When you retire, it’s nice not to worry about having enough money coming in every month to pay the bills and guaranteed income can help. A pension is a form of guaranteed income, but those are few and far between. You can also build your own income stream with an annuity, and we can help determine if that makes sense for you. That said, Social Security is another form of guaranteed income, and almost everyone has access to it.
The chart below illustrates that, if you are a conservative investor with a longer life expectancy, you may want to consider claiming your social security benefit at 70. On the other hand, if you are a more aggressive investor and have a limited life expectancy, you may want to claim your benefit earlier. Or, you may fall somewhere in between.
You can also consider the breakeven points and life expectancy probabilities illustrated below. The first chart shows that the breakeven point for claiming social security at 62 is 76, and the breakeven point for claiming at 70 is 80. The second chart shows the probability of living to a certain age if you are currently 62 years old. It is critical not to under-estimate your life expectancy when attempting to maximize your social security benefits. It is highly likely that you will live longer than you think!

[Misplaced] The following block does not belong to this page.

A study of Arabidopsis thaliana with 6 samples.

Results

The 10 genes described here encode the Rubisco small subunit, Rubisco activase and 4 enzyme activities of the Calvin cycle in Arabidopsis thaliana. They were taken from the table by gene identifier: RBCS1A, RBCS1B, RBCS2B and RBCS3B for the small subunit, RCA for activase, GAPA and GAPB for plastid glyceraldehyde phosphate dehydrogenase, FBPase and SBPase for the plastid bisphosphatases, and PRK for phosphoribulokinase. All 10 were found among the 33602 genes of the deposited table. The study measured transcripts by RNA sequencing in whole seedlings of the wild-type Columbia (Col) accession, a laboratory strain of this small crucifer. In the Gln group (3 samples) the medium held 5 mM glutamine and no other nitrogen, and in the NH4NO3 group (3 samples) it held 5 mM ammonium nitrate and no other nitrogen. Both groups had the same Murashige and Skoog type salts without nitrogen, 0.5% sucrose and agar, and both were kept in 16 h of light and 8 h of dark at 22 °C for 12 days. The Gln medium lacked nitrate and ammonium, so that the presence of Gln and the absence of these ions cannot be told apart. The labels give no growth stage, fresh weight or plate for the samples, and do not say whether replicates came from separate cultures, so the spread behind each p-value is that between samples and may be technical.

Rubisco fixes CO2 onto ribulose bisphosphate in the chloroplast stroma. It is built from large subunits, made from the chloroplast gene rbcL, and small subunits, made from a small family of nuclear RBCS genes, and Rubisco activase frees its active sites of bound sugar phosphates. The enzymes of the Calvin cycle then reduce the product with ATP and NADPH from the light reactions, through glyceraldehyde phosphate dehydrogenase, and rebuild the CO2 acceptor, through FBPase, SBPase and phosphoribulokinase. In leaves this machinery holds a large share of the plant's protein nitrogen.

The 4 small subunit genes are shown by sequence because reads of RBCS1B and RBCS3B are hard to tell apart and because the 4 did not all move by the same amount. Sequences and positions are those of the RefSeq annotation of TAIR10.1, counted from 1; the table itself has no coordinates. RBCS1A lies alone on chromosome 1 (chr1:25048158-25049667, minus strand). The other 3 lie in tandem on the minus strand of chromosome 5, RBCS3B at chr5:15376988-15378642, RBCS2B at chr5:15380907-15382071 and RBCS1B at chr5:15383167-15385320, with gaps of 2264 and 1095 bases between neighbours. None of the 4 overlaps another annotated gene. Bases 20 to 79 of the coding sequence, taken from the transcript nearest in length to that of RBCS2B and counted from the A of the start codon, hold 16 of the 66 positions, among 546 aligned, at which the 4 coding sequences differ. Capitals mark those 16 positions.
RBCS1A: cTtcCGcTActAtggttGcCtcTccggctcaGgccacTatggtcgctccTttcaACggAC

Using guaranteed income to pay for your lifestyle can make retirement more enjoyable and less stressful, and as you can see, there are several variables specific to your situation to determine how to maximize your social security benefit. We are here to help!
The opinions voiced in this material are for general information only and are not intended to provide specific advice or recommendations for any individual. There is no assurance that the techniques and strategies discussed are suitable for all investors or will yield positive outcomes.
Annuities are long-term investment vehicles designed for retirement purposes. Gains from tax-deferred investments are taxable as ordinary income upon withdrawal. Guarantees are based on the claims paying ability of the issuing company. Withdrawals made prior to age 59 ½ are subject to a 10% IRS penalty tax and surrender charges may apply.